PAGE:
Authored on
Nov 03, 2022

An economic study which analyzed 40 years of data from international agricultural research efforts led by U.S. universities, and financed by the United States Agency for International Development (USAID), showed that an initial investment of $1.24 billion has returned more than $10 billion, or more than eight dollars for each dollar invested, worldwide.

The economic study, “Economists Study Impact of International Agricultural Research at U.S. Universities”, was conducted by Kansas State University (KSU) economics researchers and reported by Benjamin Kohl on July 21, 2022. 

Among those research programs cited in the study is the Feed the Future Innovation Lab for Legume Systems Research, a research and capacity building development program managed by Michigan State University that focuses on grain legumes in West and Southern Africa. 

One of the Legume Innovation Lab projects is led by North Dakota State University (NDSU) Department of Plant Sciences dry bean breeder Juan Osorno and bean genomicist Phil McClean.

Between 2012 and 2018, Osorno and McClean led research efforts in Guatemala for the genetic improvement of climbing beans in the western highlands of Guatemala. Their current research program is the Genetic Improvement of Dry Beans for Bruchid Resistance for Southern Africa.

Mozambique and Zambia provide close to 30 percent of the total common bean (Phaseolus vulgaris) production in Africa. However, bean weevil (bruchid) infestations resulting in over 48 percent quality and quantity loss in stored beans are a key cause of some of the highest levels of malnutrition and poverty in the world. The collaborative efforts between bean breeders and geneticists Osorno and  McClean, Carlos Urrea (University of Nebraska), and Kelvin Kamfwa (University of Zambia) aim to develop bruchid-resistant germplasm, with the goal of developing new bruchid-resistant varieties with good agronomic performance and improved storage and cooking properties.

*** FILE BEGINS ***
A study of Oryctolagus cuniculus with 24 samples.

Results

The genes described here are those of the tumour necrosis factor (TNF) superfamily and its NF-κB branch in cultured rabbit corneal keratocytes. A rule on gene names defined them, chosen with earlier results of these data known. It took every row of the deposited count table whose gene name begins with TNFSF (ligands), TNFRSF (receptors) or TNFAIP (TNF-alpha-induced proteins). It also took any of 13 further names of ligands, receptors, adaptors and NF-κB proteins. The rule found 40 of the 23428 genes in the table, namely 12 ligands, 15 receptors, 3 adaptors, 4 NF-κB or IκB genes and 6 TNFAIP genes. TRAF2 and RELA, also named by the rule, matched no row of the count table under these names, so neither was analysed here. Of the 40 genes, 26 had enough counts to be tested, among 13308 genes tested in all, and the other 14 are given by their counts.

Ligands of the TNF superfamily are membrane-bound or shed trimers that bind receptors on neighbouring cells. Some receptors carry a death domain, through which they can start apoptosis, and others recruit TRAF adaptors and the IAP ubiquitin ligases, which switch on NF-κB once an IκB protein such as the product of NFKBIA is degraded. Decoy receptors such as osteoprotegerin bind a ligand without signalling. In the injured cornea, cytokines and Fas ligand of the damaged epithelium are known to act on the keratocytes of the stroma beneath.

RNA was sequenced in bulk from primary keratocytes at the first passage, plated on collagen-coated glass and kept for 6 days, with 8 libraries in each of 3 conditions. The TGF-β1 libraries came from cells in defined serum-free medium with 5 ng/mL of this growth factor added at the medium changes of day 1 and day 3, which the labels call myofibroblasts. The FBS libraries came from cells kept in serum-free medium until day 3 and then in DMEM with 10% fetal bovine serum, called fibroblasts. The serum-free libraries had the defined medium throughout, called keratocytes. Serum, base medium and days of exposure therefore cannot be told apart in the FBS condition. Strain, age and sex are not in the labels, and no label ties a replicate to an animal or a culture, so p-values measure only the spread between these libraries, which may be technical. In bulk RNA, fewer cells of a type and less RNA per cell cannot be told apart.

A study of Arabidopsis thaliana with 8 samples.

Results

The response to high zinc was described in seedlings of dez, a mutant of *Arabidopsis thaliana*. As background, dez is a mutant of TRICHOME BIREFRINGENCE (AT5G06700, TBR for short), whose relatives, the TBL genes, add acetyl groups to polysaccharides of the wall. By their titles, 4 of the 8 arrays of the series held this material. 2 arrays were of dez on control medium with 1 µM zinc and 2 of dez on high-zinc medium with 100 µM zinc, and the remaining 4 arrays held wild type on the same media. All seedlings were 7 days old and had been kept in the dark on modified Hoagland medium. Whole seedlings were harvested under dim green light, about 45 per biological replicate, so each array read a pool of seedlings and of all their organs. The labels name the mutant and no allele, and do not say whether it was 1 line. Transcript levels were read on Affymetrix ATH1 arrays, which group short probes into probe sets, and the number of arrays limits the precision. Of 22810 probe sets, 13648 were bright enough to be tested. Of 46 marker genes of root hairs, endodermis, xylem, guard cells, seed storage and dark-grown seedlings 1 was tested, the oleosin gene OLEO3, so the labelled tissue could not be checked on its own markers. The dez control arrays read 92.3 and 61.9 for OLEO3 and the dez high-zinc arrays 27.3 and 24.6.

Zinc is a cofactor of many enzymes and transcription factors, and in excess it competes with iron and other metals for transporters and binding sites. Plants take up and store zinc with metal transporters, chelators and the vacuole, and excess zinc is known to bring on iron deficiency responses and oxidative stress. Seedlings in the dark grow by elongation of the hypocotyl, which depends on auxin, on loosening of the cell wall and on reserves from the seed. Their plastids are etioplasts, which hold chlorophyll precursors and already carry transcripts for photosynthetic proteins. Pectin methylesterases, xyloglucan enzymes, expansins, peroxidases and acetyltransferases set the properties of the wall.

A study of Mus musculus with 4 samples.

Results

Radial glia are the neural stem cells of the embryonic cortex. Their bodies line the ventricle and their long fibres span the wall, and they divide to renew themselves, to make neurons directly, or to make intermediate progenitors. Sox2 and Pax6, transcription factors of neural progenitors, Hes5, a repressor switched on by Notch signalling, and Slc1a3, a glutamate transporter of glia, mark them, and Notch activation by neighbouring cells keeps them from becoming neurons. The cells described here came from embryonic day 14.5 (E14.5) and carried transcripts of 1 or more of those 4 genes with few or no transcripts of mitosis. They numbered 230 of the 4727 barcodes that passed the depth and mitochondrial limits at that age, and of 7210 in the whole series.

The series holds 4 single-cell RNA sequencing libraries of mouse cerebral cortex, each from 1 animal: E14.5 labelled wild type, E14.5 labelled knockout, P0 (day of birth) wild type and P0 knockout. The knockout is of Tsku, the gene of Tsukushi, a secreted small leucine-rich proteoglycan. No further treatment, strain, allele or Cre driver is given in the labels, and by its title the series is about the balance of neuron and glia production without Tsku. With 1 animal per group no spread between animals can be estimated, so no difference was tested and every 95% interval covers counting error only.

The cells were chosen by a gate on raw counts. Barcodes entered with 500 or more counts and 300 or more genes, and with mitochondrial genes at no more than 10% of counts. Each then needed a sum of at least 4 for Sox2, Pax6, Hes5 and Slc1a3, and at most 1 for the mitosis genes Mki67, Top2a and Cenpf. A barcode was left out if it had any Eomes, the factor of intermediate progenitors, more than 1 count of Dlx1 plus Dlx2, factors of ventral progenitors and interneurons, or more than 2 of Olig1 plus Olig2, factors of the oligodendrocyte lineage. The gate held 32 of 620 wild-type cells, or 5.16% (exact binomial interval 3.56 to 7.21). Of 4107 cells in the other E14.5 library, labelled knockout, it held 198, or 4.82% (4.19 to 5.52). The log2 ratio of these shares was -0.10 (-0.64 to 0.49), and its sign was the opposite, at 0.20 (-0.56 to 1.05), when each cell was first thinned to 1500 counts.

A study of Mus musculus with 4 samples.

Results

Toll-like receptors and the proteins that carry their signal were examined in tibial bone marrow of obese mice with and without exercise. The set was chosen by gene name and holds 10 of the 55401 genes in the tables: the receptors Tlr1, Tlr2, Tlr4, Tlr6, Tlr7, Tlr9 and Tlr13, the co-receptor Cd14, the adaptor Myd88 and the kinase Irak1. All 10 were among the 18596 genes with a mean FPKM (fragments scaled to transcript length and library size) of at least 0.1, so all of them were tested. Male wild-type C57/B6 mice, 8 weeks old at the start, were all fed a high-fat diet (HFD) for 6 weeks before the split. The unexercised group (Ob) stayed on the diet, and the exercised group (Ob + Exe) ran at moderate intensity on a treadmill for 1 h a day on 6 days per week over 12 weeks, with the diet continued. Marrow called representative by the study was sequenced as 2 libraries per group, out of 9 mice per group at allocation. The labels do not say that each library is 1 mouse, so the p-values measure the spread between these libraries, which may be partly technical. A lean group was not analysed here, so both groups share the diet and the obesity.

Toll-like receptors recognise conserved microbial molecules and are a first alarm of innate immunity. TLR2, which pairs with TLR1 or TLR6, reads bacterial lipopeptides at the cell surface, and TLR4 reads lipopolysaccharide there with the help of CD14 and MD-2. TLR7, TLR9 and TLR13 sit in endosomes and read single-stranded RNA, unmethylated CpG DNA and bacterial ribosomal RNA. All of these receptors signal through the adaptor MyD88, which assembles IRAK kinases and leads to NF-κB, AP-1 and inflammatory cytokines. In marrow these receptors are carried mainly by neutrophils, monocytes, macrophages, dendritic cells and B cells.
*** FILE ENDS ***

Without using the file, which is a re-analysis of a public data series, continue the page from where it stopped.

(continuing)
Already considered a “game changer” in the bean value chain in southern Africa, developing these bruchid resistant varieties will improve food safety in the region by offering a new product that can be stored safely for longer periods of time without losing quality. In addition, the project will improve the technical knowledge of bean smallholder farmers, bean scientists, and other stakeholders in the region through training the next generation of plant scientists (breeders) for the region.

Although COVID-19 travel restrictions didn’t allow Osorno to visit in person, constant interaction with collaborators in Zambia (Kamfwa) and Mozambique (Celestina Jochua) via Zoom and other virtual tools allowed the project to make progress. Osorno finally traveled to Mozambique and Zambia, South Africa July 19-30 to review progress on work that started in January 2020. They toured research plots, storage facilities, greenhouse materials and bruchid screening laboratories. Osorno was pleased to see colleagues in person after the initial research had been conducted while under pandemic travel limitations. “I was impressed to see that in spite of the initial challenges brought by COVID-19, the research never stopped”, says Osorno. 

Osorno is proud the research has added North Dakota to the global initiative to improve and increase legume production in developing countries, as well as established production areas worldwide. The plan is to release the first bruchid-resistant variety with local adaptation and acceptable commercial seed type within the region sometime next year.

Article link Economists Study Impact of International Agricultural Research at U.S. Universities 

Link for Genetic Improvement of Dry Beans for Bruchid Resistance for Southern Africa

Link for Feed the Future Innovation Lab for Legume Systems Research

This research was made possible through support provided by the U.S. Agency for International Development (USAID) under the Feed the Future Innovation Lab for Legume Systems Research. The opinions expressed herein are those of the authors and do not necessarily reflect the views of USAID or the United States Government.